NEW ALBANY — Unity and hope were the central themes of a recent celebration as community members reflected upon the country's history of slavery and abolition, including the role of New Albany in the Underground Railroad.
The Second Baptist Church presented its annual Juneteenth celebration Saturday at the downtown New Albany church. The congregation honored the observation with prayer, music, a church tour and a historical re-enactment.
Juneteenth is a holiday recognizing emancipation from slavery. It began following the official announcement of the abolition of slavery in Texas, which came more than two years after the Emancipation Proclamation. Abolition was delayed in Texas, and Union troops brought the news of freedom to enslaved African Americans on June 19.
This year, the theme of the church's Juneteenth event was the "Unseen Man" to discuss how slavery separated men from their families. On Sunday, the congregation presented a dinner to celebrate men in the community — the men ate for free, but women were encouraged to give a donation.
The Second Baptist Church, also known as the Town Clock Church, has been celebrating Juneteenth for the past three years. Last year, the congregation presented a "freedom walk" from the church to Bicentennial Park.
Brian West, a teaching artist at the Frazier History Museum, performed a re-enactment as African writer Olaudah Equiano, who wrote an autobiography about his experiences in slavery. The church also focused on the church's Underground Railroad history with a tour of the building, including the basement where escaped slaves would pass through on their journey to freedom.
Second Baptist Church trustee Chancea Roberts gave the tour of the church. Members of the Second Presbyterian Church, the congregation formerly located at the building, would offer the escaped slaves food, medical care and supplies, and they would use a tunnel in the church to move to their next destination.
Roberts said Juneteenth is an opportunity to share the meaning of Juneteenth with both children and adults, including understanding of what the Emancipation Proclamation really meant for enslaved people.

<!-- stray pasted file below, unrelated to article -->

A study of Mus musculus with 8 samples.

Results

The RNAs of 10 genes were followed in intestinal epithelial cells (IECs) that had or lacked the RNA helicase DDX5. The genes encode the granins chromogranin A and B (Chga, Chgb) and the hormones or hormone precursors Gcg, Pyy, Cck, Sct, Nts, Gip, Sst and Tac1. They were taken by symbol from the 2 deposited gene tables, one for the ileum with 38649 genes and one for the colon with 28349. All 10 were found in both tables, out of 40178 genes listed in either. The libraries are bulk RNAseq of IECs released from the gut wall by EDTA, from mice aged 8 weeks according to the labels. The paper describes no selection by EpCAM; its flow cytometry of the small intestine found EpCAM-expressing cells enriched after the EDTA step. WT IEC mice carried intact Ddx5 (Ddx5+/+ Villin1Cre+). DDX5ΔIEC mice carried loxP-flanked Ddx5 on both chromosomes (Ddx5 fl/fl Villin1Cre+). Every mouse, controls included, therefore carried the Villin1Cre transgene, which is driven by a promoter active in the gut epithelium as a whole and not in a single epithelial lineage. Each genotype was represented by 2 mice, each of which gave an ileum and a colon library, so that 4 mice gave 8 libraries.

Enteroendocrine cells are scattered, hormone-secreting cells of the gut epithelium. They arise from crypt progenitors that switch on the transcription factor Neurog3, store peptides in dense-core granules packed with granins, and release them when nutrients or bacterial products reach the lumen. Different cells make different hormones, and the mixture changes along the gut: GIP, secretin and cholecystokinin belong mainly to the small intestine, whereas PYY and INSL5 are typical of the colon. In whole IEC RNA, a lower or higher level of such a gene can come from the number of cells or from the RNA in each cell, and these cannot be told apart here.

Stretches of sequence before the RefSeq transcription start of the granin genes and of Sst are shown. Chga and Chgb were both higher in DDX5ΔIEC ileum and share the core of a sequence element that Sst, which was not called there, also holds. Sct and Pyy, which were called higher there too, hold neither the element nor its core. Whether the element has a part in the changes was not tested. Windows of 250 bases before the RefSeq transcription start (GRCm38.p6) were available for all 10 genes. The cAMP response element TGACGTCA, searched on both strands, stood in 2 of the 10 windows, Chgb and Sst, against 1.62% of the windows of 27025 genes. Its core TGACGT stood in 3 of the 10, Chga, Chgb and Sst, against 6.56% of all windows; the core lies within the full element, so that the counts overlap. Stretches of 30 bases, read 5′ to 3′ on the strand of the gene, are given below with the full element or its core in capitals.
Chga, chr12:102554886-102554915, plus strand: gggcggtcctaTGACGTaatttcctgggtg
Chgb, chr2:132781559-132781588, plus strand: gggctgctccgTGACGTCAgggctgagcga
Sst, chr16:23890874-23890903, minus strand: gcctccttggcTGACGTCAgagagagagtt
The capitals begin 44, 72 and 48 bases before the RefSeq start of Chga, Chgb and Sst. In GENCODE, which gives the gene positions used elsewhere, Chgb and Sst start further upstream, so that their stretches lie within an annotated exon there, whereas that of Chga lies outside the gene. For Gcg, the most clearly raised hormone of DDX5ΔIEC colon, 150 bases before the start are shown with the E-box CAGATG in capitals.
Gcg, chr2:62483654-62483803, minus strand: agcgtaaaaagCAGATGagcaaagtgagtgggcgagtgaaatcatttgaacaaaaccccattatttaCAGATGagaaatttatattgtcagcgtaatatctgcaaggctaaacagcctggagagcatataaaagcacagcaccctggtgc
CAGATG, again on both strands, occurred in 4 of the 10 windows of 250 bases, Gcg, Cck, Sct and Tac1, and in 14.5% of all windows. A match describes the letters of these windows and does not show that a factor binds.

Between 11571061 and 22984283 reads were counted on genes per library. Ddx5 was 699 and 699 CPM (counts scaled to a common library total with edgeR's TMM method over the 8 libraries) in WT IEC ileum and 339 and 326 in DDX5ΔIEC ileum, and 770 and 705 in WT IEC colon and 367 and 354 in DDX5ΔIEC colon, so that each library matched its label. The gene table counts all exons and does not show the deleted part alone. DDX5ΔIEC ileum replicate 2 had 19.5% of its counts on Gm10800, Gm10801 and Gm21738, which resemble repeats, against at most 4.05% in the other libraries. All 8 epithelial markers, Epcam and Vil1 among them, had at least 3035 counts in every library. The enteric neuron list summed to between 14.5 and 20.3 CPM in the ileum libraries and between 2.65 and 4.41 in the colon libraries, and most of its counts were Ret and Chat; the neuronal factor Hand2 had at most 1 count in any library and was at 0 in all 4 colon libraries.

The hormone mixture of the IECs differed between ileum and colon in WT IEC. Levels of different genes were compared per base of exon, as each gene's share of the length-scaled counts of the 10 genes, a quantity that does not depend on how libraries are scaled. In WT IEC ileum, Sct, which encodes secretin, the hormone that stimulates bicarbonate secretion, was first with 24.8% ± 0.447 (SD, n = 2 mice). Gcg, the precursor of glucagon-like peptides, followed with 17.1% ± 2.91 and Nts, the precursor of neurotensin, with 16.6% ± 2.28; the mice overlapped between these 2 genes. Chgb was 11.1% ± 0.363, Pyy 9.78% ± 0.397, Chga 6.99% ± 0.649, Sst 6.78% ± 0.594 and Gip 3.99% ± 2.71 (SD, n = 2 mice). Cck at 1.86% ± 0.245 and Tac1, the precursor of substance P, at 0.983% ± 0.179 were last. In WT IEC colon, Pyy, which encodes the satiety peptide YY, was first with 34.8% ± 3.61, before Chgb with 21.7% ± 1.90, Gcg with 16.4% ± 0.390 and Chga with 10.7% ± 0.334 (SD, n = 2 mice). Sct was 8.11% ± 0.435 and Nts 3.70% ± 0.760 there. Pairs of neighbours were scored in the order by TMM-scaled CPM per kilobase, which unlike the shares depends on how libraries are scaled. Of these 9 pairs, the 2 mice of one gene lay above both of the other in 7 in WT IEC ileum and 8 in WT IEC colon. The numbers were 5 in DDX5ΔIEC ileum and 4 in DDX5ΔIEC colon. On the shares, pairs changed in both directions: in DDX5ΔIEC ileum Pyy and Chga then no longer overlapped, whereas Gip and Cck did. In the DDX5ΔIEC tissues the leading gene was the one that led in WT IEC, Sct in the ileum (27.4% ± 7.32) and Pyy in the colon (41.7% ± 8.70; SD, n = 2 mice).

"I would like individuals to understand that freedom came with a cost ... It was two years later [after the Emancipation Proclamation] that those slaves were actually released and were able to leave the plantations and go on their own," he said. "But then after that, there came the sharecropping situation where they were unable to actually leave."
The Rev. LeRoy Marshall Jr., pastor at Second Baptist Church, said Saturday's event was focused on bringing unity to families and community members, as well as inspiring young people.
"Just think about over the course of the year that brotherhood is the only hood we should be living in," he said at Saturday's ceremony. "It's brotherhood, and from today, we are brothers and sisters, and from the next day."
New Albany Mayor Jeff Gahan, who also spoke at the event, emphasized community values of kindness, respect and love.
"On this day, we celebrate not only the end of slavery in America, but we celebrate how far our nation has come," he said. "We still have ways to go, but we are making progress. The spirit of Juneteenth is about respect and appreciation for all cultural differences. Let this day serve as a reminder that New Albany is a community of openness, inclusiveness, and, most of all, kindness."
Marshall's wife, the Rev. Joyce Marshall, was the main organizer for the Juneteenth event. She said she wants to send a message of hope to the community and to encourage them never to give up. She stressed the value of educating people on the history of slavery, and she said the church's Underground Railroad history shows the importance of community coming together to help each other.
"It's really good for me for the young people to better understand our heritage — where we came from and what we stand for and who we are — and to let the community know the significance of Juneteenth and what it really means," she said.
The event focused on how slavery interrupted the lives of black families. She said since many black males in slavery would never see their families again after they were separated at a young age, they became "invisible," she said.
"He became invisible, and he was never given the opportunity to be the man," she said. "Since that opportunity was never given to him, the black family has suffered, because he has become invisible in their family along life's journey. But today, he's no longer invisible."